Release Date: 12/8/1999
Contact Information: Randy Wittorp, U.S. EPA, 415-744-1589

     Hofer Site selected for wastewater treatment ponds

     SAN FRANCISCO -- The U.S. Environmental Protection Agency and the U.S. International Boundary and Water Commission today released a record of decision for secondary treatment at the South Bay International Wastewater Treatment Plant, selecting completely mixed aerated ponds at the Hofer site as the preferred treatment alternative.

     "It's time to finish this job and look toward the future," said Felicia Marcus, the EPA's regional  administrator.  "All of us have a lot of work to do to address border sewage treatment needs."

     The agencies selected this treatment method to protect public health and the ocean environment and fulfill discharge permit requirements.  The environmental impact statement fully evaluated seven treatment alternatives from which the Hofer ponds were chosen.  The ponds will meet all secondary treatment standards and California Ocean Plan requirements.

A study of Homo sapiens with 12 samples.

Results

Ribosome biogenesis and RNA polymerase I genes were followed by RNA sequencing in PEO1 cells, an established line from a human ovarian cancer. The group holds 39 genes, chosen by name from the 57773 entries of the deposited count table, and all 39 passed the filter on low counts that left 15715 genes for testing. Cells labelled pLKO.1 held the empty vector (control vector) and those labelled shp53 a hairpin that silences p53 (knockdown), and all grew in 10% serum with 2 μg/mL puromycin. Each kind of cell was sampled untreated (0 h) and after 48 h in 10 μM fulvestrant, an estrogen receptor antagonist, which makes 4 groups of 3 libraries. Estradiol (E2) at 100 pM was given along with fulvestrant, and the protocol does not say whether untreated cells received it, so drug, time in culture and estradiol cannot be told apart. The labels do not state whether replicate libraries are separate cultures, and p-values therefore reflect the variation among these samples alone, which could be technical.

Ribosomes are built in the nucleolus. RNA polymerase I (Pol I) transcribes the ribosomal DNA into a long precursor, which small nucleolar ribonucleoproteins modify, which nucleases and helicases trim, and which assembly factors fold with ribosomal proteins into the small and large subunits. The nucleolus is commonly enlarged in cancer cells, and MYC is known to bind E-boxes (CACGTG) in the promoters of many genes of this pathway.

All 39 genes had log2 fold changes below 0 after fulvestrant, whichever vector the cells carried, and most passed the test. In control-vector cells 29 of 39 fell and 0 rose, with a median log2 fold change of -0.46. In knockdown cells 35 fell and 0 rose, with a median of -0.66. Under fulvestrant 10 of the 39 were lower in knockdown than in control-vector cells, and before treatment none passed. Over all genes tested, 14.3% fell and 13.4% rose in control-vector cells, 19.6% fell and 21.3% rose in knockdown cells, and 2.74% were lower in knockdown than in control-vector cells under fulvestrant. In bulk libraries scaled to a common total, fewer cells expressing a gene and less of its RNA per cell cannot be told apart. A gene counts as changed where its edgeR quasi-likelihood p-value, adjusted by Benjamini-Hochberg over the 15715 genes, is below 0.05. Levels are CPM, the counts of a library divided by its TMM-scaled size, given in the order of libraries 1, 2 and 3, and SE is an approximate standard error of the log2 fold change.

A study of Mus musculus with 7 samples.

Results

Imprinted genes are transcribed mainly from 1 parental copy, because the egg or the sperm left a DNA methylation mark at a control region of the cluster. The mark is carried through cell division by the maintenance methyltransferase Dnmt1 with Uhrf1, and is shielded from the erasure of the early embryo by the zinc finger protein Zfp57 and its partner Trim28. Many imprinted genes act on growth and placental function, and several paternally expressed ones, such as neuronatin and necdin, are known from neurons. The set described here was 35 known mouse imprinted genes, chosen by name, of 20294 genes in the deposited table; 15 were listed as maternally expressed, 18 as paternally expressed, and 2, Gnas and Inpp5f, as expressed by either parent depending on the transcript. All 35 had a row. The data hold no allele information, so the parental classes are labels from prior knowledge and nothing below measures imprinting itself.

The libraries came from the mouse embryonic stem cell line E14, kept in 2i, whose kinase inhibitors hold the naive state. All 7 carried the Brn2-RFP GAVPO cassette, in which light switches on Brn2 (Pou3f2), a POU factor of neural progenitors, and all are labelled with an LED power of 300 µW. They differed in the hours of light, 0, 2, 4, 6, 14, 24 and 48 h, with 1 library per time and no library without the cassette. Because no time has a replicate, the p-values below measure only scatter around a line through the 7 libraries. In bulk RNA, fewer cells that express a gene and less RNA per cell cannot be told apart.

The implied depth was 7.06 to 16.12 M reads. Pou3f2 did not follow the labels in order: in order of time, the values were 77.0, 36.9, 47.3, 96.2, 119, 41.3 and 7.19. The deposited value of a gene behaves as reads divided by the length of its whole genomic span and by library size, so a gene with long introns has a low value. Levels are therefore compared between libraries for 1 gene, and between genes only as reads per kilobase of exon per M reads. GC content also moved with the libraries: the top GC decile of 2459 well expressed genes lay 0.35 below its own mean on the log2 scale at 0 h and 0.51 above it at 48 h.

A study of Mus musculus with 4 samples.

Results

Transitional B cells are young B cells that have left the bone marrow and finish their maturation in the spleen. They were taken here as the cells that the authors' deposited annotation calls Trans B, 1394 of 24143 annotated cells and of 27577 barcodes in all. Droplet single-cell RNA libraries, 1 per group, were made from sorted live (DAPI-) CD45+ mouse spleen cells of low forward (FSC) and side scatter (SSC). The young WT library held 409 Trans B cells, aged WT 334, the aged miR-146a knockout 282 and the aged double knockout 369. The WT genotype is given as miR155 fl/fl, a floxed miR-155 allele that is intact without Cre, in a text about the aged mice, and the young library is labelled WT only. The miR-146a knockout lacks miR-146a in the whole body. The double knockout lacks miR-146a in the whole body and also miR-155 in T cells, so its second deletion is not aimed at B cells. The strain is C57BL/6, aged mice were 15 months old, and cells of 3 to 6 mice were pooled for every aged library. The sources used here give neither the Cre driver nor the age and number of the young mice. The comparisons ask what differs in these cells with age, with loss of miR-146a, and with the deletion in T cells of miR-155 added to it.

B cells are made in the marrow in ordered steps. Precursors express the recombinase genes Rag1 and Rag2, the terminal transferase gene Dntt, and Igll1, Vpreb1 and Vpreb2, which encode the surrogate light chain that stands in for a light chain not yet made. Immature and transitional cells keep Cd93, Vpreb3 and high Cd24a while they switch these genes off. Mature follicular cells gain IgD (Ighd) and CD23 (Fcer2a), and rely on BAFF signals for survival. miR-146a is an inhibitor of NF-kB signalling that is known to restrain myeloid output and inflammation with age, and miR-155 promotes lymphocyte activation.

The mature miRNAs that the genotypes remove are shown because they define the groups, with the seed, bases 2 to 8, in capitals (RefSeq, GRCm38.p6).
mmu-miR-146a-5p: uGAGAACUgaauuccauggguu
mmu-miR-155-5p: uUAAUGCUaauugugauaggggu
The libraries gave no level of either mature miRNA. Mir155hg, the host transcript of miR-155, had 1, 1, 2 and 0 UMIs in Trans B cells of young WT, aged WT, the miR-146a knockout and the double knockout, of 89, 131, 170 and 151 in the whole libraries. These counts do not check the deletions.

The U.S. EPA and the U.S. IBWC delayed their decision by seven months in order to explore a proposal to locate the ponds in Tijuana, an option supported by Congressmen Filner and Bilbray.  However, after further consideration, the U.S. EPA and the U.S. IBWC found that the ponds at the Hofer site remained the preferred alternative for achieving secondary treatment rapidly to protect beaches and comply with treaty, court and regulatory deadlines.

     Now that the decision is made, the U.S. EPA and the U.S. IBWC will accelerate their efforts to work with Mexico as well as the Border Environmental Cooperation Commission and the North American Development Bank on expanding treatment capacity for Tijuana sewage.  Additional treatment capacity for Tijuana wastewater will be needed as the city continues to grow.  Treatment sites in Mexico will be considered as key options.

    Next steps for the agencies include designing the plant upgrades, which are anticipated to take 8 months to one year to complete.  U.S. EPA and U.S. IBWC will consider enhancements to the ponds during the design phase to address community concerns.